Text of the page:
Registers dating from the 1950s listing some of the macrofossil collections held in the Geological Survey of Ireland between 1868 and 1875. They are numbered sequentially, but as they are a selection only, there are some gaps in the numbers. Numbers included are: I1-4893; K1253-4937;L319-3247;N961-3066;O4521-5000; P1-4393; R1-1270;S1978-2099; T1-500 and U1-2113.
5 volumes of macrofossils illustrated in the Quaterly Journal Of The Geological Society are given identifications and locality details together with the bibliographic reference. A few are foreign, but most are from the UK. The first date given is QJGS volume 12 for 1856. Last date mentioned is 1912. Numbers used: GS1-7886; GSA1-5000; GSB1-5000; GSC1-5000;GSD1-6415. The data set is closed, but occasional modification to the registers are infrequently made to update or correct certain specimens.
Micro CT scans and associated documents (3d files, animations, segmentation files, data files etc) of palaeontological material.
Registers of macrofossils in 127 volumes, covers the whole of the UK. Within each volume, data is arranged sequentially usually by collectors no. The data set began with the first Palaeontologist in the Geological Survey of Great Britain.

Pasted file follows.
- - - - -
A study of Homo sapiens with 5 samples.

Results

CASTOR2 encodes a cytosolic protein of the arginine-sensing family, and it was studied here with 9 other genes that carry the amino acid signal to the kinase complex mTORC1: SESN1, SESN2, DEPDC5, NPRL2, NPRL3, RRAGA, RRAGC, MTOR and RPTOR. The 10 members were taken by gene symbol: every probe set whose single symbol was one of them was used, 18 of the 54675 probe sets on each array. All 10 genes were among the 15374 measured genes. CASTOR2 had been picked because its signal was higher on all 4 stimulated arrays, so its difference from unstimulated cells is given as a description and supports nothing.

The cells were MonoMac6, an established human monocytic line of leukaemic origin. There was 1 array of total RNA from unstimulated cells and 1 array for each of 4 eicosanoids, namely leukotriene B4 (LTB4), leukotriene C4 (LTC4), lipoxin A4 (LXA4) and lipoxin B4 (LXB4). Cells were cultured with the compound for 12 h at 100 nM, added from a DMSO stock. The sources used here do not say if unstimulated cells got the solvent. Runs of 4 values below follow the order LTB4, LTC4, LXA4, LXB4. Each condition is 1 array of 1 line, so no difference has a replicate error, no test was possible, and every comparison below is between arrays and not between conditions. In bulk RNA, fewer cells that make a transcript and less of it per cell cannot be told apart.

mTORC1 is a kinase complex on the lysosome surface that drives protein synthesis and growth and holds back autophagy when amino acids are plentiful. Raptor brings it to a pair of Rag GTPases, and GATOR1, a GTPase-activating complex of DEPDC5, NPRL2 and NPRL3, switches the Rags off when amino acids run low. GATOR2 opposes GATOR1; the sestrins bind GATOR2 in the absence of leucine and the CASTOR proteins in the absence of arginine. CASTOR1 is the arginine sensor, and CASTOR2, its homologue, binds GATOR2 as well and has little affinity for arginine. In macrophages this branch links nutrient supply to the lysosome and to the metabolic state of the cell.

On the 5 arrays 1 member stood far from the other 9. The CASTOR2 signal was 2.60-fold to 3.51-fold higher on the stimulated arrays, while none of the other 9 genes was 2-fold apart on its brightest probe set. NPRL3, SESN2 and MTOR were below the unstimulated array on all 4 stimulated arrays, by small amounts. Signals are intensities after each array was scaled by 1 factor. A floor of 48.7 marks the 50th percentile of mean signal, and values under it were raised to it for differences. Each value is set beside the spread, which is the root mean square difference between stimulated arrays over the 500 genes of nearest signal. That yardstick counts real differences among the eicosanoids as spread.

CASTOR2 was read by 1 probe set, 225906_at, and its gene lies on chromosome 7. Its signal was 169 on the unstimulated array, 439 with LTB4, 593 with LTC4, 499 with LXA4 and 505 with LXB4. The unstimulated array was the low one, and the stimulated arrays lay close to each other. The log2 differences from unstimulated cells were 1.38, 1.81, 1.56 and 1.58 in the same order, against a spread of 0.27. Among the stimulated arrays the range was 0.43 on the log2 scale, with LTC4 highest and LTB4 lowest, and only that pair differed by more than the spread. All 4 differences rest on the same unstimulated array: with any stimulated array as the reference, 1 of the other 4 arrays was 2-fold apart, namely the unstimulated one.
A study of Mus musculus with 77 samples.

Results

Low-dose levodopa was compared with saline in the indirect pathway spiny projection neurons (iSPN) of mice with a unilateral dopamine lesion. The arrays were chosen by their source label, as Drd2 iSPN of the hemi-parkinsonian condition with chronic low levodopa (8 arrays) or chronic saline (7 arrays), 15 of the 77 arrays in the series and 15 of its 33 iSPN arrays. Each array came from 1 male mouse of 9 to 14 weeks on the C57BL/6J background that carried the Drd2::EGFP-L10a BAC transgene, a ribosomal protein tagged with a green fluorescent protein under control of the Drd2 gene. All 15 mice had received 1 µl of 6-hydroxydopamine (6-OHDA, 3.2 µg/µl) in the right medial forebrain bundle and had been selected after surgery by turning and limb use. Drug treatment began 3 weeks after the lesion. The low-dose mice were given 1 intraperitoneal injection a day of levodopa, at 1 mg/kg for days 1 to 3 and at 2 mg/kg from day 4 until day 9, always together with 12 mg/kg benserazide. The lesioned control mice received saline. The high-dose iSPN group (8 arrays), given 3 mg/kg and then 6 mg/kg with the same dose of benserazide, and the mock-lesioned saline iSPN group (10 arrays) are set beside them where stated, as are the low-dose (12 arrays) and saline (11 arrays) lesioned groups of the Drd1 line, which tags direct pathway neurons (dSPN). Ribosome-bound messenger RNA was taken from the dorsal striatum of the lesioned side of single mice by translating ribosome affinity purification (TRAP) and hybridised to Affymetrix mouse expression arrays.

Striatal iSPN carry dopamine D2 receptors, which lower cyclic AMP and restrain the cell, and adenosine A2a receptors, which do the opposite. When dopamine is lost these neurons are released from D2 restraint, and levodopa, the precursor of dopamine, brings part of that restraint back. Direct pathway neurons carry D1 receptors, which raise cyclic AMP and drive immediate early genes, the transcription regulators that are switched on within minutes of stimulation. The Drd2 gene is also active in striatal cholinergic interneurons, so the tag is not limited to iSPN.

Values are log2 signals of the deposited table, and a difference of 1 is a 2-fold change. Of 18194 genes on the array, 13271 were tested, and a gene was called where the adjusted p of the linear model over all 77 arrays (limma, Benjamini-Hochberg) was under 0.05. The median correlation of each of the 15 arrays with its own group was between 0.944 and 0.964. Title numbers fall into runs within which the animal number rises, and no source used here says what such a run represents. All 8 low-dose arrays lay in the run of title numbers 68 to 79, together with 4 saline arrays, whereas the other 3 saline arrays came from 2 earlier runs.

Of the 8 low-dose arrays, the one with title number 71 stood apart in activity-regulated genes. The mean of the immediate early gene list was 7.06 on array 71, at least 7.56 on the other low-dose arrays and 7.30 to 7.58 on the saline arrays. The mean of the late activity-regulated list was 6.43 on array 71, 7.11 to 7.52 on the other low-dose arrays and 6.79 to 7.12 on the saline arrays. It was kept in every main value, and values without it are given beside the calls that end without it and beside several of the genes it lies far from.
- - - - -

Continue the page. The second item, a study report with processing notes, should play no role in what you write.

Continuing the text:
Published paper associated with NERC grant NE/F011091/1. Price, G.D., Twitchett, R.J., Wheeley, J.R., Buono, G. 2013. Isotopic evidence for long term warmth in the Mesozoic. Scientific Reports, 3, 1438. doi: 10.1038/srep01438
The BGS 3D scans store holds digital 3-dimensional scans of BGS palaeontological and petrological specimens. The data include 3-dimensional meshes and 2-dimensional images exported by the scanning hardware and software. Data are stored in software-independent 3D modelling formats such as .OBJ and .PLY. These scans are useful for research purposes, for example allowing members of the broader geoscience community to interactively view a particular specimen, and for publicising BGS specimen holdings.
Phylogenetic data matrices used to assess the differences between hard and soft morphological characters For more details see: Fossilization causes organisms to appear erroneously primitive by distorting evolutionary trees Robert S. Sansom & Matthew A. Wills Scientific Reports 3, Article number: 2545 (2013) doi:10.1038/srep02545
Register of microfossil analyses carried out in the Leeds and London Office during the 1970s and 1980s held in book form and in box files. They are arranged as follows: SAA 1-4409 Calcareous Microfossils onshore; SAB1-3229 Calcareous Microfossils (London) Jurassic onshore; SAC1-3247 Calcareous microfossils (Leeds) Jurassic and Cretaceous onshore; SAD1-1593 Palaeozoic microfossils onshore; SAG 1-2062 Chalk foraminifera onshore; SAY1-1888 Calcareous microfossils offshore; SAZ1-2261 Calcareous microfossils from Continental Shelf (South).
All type and figured calcareous microfossils and palynmorphs held in the BGS collections are registered using the prefix 'MPK'. To date MPK1 to 13400 have been used. Information includes name, locality, geological details and journal details.